Published by the American Society of Agricultural and Biological Engineers, St. Joseph, Michigan www.asabe.org

Citation:  Transactions of the ASAE. Vol. 45(5): 1327–1337 . (doi: 10.13031/2013.11070) @2002
Authors:   D. C. Flanagan, K. Chaudhari, L. D. Norton
Keywords:   Soil erosion, Erosion control, Soil amendments, Polymers, Polyacrylamide, PAM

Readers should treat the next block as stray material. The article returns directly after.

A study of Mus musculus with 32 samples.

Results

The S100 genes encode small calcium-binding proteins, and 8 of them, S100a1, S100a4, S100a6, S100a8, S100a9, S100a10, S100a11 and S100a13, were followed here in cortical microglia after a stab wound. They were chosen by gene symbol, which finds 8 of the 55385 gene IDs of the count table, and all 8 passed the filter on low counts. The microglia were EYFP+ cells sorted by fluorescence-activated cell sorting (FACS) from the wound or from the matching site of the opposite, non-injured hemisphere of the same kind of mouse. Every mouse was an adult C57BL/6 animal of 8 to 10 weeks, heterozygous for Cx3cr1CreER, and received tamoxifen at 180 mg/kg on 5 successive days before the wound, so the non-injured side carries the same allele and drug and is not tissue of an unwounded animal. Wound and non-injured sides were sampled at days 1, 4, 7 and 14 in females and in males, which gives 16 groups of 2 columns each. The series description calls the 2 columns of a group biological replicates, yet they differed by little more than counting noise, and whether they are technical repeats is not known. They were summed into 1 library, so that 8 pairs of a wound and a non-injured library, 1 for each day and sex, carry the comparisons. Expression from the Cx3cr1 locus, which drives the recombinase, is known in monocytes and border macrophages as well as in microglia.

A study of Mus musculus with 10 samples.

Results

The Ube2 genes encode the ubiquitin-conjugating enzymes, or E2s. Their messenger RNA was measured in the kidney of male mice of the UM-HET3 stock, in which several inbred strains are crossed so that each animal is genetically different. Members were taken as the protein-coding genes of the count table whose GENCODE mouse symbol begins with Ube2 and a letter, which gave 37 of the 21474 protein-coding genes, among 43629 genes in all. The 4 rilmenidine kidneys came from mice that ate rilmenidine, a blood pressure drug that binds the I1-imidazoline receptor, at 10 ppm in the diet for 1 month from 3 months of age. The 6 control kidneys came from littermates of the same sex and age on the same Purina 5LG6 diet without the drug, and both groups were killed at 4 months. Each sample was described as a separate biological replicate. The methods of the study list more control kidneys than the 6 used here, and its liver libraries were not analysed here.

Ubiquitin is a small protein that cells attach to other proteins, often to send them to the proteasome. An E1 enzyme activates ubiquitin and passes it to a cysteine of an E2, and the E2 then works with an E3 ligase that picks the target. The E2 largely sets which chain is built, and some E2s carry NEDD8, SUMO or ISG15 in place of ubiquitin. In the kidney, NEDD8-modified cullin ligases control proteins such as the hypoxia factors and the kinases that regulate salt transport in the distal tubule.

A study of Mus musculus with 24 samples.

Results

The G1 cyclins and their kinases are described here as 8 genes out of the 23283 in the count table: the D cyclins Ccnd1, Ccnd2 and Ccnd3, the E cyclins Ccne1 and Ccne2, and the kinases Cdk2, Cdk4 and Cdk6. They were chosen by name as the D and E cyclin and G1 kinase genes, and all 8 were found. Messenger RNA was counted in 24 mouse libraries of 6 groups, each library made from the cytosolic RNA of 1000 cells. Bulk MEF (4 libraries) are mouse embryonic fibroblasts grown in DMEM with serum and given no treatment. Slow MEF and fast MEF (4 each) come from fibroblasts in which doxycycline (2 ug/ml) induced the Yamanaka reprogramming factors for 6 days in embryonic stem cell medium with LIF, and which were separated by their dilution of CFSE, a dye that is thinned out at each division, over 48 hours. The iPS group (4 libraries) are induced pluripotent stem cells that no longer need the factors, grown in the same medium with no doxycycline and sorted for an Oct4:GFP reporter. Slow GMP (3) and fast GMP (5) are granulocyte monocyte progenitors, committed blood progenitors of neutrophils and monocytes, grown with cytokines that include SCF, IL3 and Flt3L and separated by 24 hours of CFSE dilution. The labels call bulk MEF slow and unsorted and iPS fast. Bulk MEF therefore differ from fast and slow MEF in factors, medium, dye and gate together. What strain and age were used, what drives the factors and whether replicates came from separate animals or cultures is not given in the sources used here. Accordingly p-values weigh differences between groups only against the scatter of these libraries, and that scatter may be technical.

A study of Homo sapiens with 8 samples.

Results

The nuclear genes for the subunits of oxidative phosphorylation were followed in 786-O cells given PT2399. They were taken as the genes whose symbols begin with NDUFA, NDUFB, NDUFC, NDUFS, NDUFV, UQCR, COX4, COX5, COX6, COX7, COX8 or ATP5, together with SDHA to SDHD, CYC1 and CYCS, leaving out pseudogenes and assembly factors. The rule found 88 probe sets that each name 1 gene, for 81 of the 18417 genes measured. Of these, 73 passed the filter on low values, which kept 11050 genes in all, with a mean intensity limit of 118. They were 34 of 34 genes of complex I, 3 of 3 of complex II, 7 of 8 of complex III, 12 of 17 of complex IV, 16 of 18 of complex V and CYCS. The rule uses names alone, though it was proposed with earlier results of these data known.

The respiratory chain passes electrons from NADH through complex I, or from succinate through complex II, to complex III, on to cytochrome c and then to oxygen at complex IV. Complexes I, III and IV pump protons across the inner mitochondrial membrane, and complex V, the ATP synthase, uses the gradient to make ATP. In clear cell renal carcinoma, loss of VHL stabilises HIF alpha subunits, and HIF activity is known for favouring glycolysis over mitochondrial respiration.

Steep slopes consisting of disturbed soil are very often found in construction, landfill, and surface mining situations. Although legislation and economics dictate that vegetative cover be established on these slopes as rapidly as possible, the occurrence of large rainfall events during critical periods of vegetation establishment can frequently cause extensive soil loss. Sediment generated from erosion can impair offsite water quality, and onsite damages to the eroded region can be so extensive that expensive earthmoving, regrading, reseeding, and remulching may be necessary. We evaluated the effectiveness of two soil treatments for reducing runoff and soil loss from a silt loam topsoil placed on a constructed 32% slope. The three treatments were an untreated control, 80 kg ha1 anionic polyacrylamide (PAM) applied as a liquid spray, and 80 kg ha1 PAM as a liquid spray combined with a dry granular application of 5 Mg ha1 of gypsum. Replicated plots were subjected to a range of rainfall intensities under a programmable rainfall simulator, and resulting runoff and sediment loss were measured. In the first event of 69 mm h1 uniform rainfall applied for one hour to initially dry soil, the PAM and PAM with gypsum treatments significantly reduced runoff by almost 90% and sediment yield by 99%, compared to the control. Total runoff through a series of simulated rainfall events was reduced by 40% to 52%, and sediment loss was reduced by 83% to 91% for the plots treated with PAM and PAM plus gypsum, respectively. These results indicate that the use of PAM alone or in combination with gypsum can significantly reduce runoff and soil loss from large storm events, and may be a costeffective approach to protect the soil during critical periods of vegetation establishment, particularly for disturbed soils on steep slopes.